It is no secret that distracted driving is on the rise, along with the numbers of injuries and deaths attributable to distracted driving. According to the (NHTSA), approximately ten percent of all traffic fatalities are due to distracted driving. While distracted driving occurs any time the driver’s attention and/or eyes are diverted from the act of driving, texting and driving (or using one’s cell phone while driving) is the most common type of distracted driving. To combat this, NHTSA has just promulgated a new voluntary guideline applicable to smartphone and auto manufacturers.
What the Voluntary Guidelines Attempt to Accomplish
According to the guidelines promulgated by NHTSA, smartphone manufacturers and automakers are to develop technology that is able to “sense” when a smartphone user is driving a vehicle and automatically disable many of the smartphone’s functions, including the ability to send and receive text messages and browse the internet. Although some auto manufacturers have already created technology that allows cellphone users to use a touchscreen inside the car to access many of a phone’s features, the technology contemplated by the guideline does not yet exist.
Voluntary Guidelines Do Not Absolve Drivers of Responsibility
Even when enacted, the voluntary guidelines are voluntary. This means that there are no legal ramifications for automakers or smartphone manufacturers who choose not to develop and/or implement the technology contemplated by the guidelines. This means that drivers who choose to text and drive – and who cause an accident as a result – cannot bring a claim for compensation against the automaker or smartphone manufacturer for failing to follow NHTSA’s recommendation.
The NHTSA guideline is also unlikely to have any mitigating effect on a car accident defendant’s culpability. In other words, suppose a defendant-driver in a car crash case is found to be 75 percent responsible for causing a crash because he or she was texting while driving. The defendant’s percentage of fault is not likely to be reduced by any amount if the defendant attempts to argue that the car manufacturer or smartphone maker failed to comply with NHTSA’s regulation.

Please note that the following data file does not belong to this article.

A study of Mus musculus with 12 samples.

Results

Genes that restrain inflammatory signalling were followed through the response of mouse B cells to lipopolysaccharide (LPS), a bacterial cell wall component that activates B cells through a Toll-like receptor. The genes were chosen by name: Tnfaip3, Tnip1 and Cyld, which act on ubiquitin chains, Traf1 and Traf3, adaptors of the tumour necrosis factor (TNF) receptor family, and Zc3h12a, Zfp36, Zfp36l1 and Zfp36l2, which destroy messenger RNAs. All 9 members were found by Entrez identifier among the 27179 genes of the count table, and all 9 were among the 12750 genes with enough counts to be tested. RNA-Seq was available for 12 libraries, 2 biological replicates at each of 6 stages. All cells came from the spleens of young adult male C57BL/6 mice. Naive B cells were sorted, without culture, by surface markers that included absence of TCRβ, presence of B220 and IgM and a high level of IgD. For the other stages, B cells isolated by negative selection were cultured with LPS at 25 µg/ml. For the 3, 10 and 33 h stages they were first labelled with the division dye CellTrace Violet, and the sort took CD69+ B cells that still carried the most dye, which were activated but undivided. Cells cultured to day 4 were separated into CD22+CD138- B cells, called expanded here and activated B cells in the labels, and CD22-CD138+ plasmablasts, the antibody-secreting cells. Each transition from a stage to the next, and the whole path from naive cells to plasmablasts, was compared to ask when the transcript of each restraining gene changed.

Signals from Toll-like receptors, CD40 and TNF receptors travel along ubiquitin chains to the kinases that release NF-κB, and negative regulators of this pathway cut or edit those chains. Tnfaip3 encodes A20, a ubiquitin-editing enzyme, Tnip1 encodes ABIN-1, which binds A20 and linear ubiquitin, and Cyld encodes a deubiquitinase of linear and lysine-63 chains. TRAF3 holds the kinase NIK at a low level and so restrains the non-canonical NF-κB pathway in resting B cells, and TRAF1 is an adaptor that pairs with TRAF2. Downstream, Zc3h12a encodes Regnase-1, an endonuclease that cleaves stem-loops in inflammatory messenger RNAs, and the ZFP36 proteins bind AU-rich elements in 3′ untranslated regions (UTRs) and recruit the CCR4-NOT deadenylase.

What if New Technology Malfunctions and Causes a Car Crash?
If the technology that is the subject of NHTSA’s voluntary guideline is developed, and this technology malfunctions, however, the entity responsible for developing and/or integrating the technology may be held responsible if the malfunction causes a crash (i.e., by causing the phone to startle the driver). In such a case, it would be the defendant-driver’s responsibility to prove the manufacturer acted with negligence and that such negligence contributed to the crash. The judge or jury would then be responsible for determining the role the manufacturer’s negligence played in causing the crash.
If you or a loved one have been injured in a distracted driving accident, contact the Costa Mesa car crash law firm of Case Barnett Law at (949) 861-2990. You or your loved one may be entitled to compensation for your injuries and losses, and our experienced legal team can assist you in obtaining the monetary damages you need to recover from your accident.